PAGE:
They say the only certainties in life are death and taxes, and this has never seemed more true! As the UK enters unchartered waters with Brexit, there is much we do not know about what the future will bring.
However, there are some things you can be sure of and can control to your benefit, whatever happens around us.
Taxation of assets
Double tax treaties, such as the one between UK and Spain, are independent of the EU. So if you are resident here, your existing tax treatment will not change with Brexit, or other external influence.
Something that can make a significant difference to the way you are taxed is the way you structure your assets and wealth.
You can usually find Spain-compliant investment opportunities that can offer significant tax benefits, while also providing additional benefits like currency and income flexibility.
Meanwhile, expatriates who favour UK-centric assets and investments could see increased taxation with Brexit, as some non-EU/EEA assets are treated differently. For example, if you sell a home in Spain to buy a British property once the UK leaves the EU/EEA, you may no longer be eligible for capital gains tax relief.
At any time, the UK can potentially increase the tax burden for non-residents, as has happened recently with property. 2015 brought new capital gains tax liability for non-residents on UK residential property; from 5 April this will also apply to commercial property. In 2017, UK residential property owned through certain offshore structures became liable for UK inheritance tax alongside other worldwide property.
Tougher tax rules are also possible following a change in UK government, including the possibility of a new wealth tax on higher-value UK assets.
A locally-based adviser can advise about asset protection and taking advantage of tax-efficient opportunities in Spain.
Taxation of pensions
A similar threat hangs over UK pensions. Today, UK pensions can potentially be accessed by Britons abroad without paying any UK tax (under the double tax agreements). Brexit will not change this, but the government may take steps to recoup more taxes from expatriate pensions.
The 25% ‘overseas transfer charge’ introduced in 2017 may indicate things to come. Currently, EU residents are only affected if transferring UK pension funds to Qualifying Recognised Overseas Pension Schemes (QROPS) outside the EU/EEA, but the scope may increase after Brexit.
Once you have left Britain, you may find fewer advantages to keeping UK pensions where they are, but it is essential to take regulated, personalised pensions advice to establish the most suitable approach for your circumstances and goals. If you are considering transferring, review your options now, before the tax-free window potentially closes.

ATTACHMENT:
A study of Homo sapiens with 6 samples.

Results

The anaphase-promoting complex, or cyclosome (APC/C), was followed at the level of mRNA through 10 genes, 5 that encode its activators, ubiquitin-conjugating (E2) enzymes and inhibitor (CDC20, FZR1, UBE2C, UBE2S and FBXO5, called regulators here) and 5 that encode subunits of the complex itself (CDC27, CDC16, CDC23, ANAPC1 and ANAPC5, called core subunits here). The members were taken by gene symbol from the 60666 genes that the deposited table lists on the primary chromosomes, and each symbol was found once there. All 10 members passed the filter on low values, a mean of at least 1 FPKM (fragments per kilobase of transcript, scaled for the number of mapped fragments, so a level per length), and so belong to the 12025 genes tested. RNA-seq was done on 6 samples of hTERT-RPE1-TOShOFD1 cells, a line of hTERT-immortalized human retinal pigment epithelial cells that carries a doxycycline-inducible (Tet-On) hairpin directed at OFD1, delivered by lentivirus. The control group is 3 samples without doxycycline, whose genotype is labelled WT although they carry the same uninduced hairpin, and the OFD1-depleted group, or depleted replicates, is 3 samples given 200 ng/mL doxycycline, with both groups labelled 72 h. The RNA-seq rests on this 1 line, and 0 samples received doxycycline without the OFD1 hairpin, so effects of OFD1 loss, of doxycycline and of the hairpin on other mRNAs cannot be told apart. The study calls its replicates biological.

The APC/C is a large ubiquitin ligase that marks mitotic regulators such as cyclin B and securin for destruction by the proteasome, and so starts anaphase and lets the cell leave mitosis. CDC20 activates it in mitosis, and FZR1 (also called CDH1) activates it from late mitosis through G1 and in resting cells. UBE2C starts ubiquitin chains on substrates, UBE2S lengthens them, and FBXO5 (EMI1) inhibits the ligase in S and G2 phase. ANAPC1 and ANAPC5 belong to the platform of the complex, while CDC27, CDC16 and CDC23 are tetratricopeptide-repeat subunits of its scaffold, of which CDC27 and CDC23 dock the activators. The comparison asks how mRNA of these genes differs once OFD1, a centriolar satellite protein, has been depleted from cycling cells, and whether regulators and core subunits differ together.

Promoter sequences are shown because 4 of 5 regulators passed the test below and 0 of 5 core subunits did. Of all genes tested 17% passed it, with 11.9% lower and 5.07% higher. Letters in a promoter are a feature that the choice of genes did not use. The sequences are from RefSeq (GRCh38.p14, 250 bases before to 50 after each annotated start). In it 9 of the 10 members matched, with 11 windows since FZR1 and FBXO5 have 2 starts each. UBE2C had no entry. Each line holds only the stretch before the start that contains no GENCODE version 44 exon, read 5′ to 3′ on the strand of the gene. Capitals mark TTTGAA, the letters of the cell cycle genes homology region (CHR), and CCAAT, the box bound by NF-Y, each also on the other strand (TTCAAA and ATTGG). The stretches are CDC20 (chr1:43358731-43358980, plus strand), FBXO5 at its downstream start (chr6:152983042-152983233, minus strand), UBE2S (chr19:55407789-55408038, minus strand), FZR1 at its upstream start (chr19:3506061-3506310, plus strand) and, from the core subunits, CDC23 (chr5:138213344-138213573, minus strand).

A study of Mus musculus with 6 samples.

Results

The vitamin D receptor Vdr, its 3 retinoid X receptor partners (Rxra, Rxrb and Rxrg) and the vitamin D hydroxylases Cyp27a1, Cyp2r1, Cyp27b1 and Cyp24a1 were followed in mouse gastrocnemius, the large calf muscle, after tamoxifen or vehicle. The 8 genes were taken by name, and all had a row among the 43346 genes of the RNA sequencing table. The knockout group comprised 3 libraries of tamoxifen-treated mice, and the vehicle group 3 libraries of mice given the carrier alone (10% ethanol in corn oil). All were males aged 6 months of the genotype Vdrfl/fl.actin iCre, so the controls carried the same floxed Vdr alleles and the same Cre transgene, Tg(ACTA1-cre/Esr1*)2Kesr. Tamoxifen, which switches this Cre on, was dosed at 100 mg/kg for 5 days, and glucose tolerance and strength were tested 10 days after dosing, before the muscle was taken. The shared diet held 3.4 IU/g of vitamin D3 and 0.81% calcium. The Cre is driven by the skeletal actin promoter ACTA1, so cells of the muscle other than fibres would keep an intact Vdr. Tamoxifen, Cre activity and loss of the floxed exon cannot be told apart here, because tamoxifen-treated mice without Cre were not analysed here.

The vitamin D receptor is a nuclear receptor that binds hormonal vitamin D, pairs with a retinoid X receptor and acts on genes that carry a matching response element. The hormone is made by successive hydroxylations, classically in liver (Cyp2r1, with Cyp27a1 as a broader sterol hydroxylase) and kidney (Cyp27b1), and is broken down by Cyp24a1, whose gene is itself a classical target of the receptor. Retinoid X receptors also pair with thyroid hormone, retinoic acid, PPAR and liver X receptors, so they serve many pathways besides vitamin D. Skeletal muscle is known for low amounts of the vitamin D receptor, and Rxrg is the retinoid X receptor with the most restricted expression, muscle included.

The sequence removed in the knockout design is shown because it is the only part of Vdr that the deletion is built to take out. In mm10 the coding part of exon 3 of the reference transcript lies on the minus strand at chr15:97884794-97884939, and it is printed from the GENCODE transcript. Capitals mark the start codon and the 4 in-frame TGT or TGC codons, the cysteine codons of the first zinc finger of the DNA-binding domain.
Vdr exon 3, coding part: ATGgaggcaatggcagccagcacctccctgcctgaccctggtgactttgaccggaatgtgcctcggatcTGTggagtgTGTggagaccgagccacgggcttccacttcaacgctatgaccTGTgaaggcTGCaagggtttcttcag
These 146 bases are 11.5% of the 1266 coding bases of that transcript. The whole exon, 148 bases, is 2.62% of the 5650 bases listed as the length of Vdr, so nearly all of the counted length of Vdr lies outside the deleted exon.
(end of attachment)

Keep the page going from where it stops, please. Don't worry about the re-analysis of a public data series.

It is not just Brexit that can disrupt investment and currency markets today. At any given time, external influences and events can unexpectedly shift the direction of markets.
Diversification is the key to minimising risk. A portfolio made up of a mixture of asset types – including cash, equities and bonds – from different countries, regions and market sectors is best placed to ride out turbulence. This approach reduces exposure to under-performance in any single area and enables the opportunity to produce positive returns over time.
Conversely, if you mainly hold UK assets, your returns will be more vulnerable to the fortunes of sterling and the British economy during these uncertain times.
Of course, you need to make sure your investments offer the right balance of risk and return for your peace of mind. An experienced financial professional can use appropriate tools to create a clear and objective risk profile for you.
While we cannot avoid death, with good estate planning we can control who receives our legacy and when.
Even after Brexit, you can override local ‘forced heirship rules’ by applying the law of your nationality to your estate through the EU regulation, ‘Brussels IV’. While this would ensure your legacy is distributed according to your wishes, beware this can have tax implications.
If you are seen as UK-domiciled – as many expatriates are – your estate is liable to UK inheritance tax as well as Spanish succession tax.
You may be able to restructure your wealth to reduce tax liabilities, while ensuring your chosen heirs receive their inheritance at the right time, so explore your options.
For more information and personalised advice, contact Blevins Franks on +34 971 719 181.
To keep in touch with the latest developments in the offshore world, check out the latest news on Blevins Franks Tax & Wealth Management Specialists.